Michelle Goldberg's cover article for The Nation, "Feminism's Toxic Twitter Wars," details what many of us have already seen -- or personally experienced -- online: judging, shaming, marginalizing attacks couched as credible "feminist critique."
The consequences of such behavior have been so debilitating to the cause of feminist power and influence that even some of the entrepreneurs of "online feminism" have looked for new ways to make a difference. Anna Holmes, founder of Jezebel, notes in the article that the blogosphere "feels like a much more insular, protective, brittle environment than it did before. It's really depressing," she adds. "It makes me think I got out at the right time."
While the pain and hurt that many feminists have experienced as a result of our online interactions with each other is quite real, I hope it is not the end of our story.
All movements, sparked in response to a particular need or moment, must adapt and grow with the times. Online feminism's growing pains have all the ingredients needed to harness lessons learned and develop into a new, more empathetic and respectful feminist practice -- something I think the world desperately needs.
A dozen years ago, when I was founding Exhale -- an organization designed to support women and men post-abortion and change the social climate so that it's more respectful of our unique abortion experiences -- my co-founders and I wanted to make sure anti-racism and cultural competency work was fully integrated in the way we ran our organization, delivered our services and pursued our mission. We had no money when we started, but the money we did have, raised in small donations from friends and family, we spent to pay community leaders who would train our volunteers (the women and men who provide peer counseling on our national after-abortion talkline) in anti-oppression work. We wanted to make sure everyone at Exhale had a working knowledge and understanding of the way racism, sexism, homophobia and other structural issues had an impact on the way people experienced abortion.
The first training that these leaders provided to Exhale went well. We asked them back again. At some point in between these two trainings, they decided to take a more confrontational approach, and without first checking in with me or my other co-founders, they went ahead and did it. The training blew up.
Without going into much detail, I can tell you that as a white woman, I spent several days and hours on the phone talking with Exhale's white volunteers afterward about what had happened, and my co-founder, Carolina De Robertis, a queer Latina, spent several days and hours on the phone talking with Exhale's volunteers of color. Then she and I spent several hours talking to each other about what exactly it was Exhale wanted to do with this training session.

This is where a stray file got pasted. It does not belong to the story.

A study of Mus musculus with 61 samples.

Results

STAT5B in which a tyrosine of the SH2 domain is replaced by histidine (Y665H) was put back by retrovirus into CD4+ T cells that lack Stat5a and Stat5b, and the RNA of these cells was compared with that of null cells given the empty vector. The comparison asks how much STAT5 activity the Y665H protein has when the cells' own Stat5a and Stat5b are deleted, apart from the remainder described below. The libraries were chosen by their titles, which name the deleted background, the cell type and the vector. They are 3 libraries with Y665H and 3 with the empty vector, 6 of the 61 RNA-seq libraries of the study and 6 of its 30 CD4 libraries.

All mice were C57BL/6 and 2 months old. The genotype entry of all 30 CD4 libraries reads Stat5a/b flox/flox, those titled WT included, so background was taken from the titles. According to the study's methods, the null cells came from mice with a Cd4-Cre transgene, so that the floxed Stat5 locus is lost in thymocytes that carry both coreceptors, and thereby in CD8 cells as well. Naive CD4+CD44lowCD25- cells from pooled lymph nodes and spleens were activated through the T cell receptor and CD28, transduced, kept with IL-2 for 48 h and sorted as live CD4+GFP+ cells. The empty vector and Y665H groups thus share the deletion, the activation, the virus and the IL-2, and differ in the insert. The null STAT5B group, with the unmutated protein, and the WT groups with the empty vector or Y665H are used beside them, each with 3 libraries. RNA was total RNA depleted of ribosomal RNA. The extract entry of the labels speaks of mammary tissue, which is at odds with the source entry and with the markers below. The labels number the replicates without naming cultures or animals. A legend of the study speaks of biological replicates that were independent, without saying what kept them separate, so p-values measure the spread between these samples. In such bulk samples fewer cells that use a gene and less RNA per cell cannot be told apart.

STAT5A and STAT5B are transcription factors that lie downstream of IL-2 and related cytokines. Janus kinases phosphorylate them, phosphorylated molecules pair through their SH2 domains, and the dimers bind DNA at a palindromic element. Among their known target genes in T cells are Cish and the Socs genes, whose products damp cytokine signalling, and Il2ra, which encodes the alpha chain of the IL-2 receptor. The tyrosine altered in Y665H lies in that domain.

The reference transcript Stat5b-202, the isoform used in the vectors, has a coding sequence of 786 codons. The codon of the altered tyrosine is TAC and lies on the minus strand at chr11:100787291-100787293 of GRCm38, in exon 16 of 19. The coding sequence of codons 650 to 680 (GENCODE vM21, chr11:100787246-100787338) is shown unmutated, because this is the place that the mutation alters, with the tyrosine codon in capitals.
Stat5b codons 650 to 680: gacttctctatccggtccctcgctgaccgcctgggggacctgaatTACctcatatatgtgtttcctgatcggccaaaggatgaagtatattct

Our big epiphany was that we were a community all too used to feeling judged, shamed and stigmatized as a result of our abortions, and that our social mission was to change this dynamic. We wanted to infuse more support, respect and understanding into the culture -- more connectedness and less divisiveness. More love and less hate.
We asked: How could we listen non-judgmentally to our talk-line callers, and yet judgmentally point our fingers at each other for perceived wrongs?
Carolina and I decided that instead of focusing on critique and confrontation, our mission would be better served with proactive and creative strategies that could build the supportive, respectful social climate that we envisioned. We adjusted our training methods, and then we used the lessons learned from our updated transformation approach to develop pro-voice: Exhale's innovative leadership discipline for transforming social conflict.
Exhale has come a long way from the "calling out" critical culture that social justice and feminists activists have come to be so well-known for, and, yet, whose practice has caused so much hurt and pain. Now, Exhale's pro-voice leaders are known for the empathy they offer the world through their shared connections and mutual respect.
All signs point towards online feminism's ability to innovate and create what's needed out of the ashes of these toxic Twitter wars. In December, Ngọc Loan Trần wrote for Black Girl Dangerousthat they are "willing to offer compassion and patience as a way to build the road we are taking but have never seen before."
Verónica Bayetti Flores wrote for Feministing, "We've long been really good at critiquing and saying what we don't want, but to get to a world we DO want, we have to be able to dream really big."
It isn't just feminism that's rethinking their tactics. On Orchestrated Pulse, Rob the Idealist notes:
"The aimless outrage has many social justice circles spinning their wheels and going nowhere. We can't build transformative change that way... I want to find ways to accurately describe and dismantle oppression, and that doesn't happen if we're constantly reacting to shenanigans. In my opinion, we're looking for politics in the wrong places."
On Twitter, in response to The Nation’s story, Brittney Cooper (@professorcrunk) and Samhita Mukhopudhyay (@thesamhita), both of whom were featured in the article, talked to each other about the value of offline conversations. Samhita noted that with in-person conversations, “You have the opportunity to humanize and be compassionate."
There will always be questions about how to address the social problems and the problem-people and yet, an online feminist practice known for its compassion, humanity, patience, and ability to dream big has the best chance for creating the world we need.
Exhale co-founder, Carolina De Robertis, is now an award-winning novelist and she is on Twitter: @caroderobertis.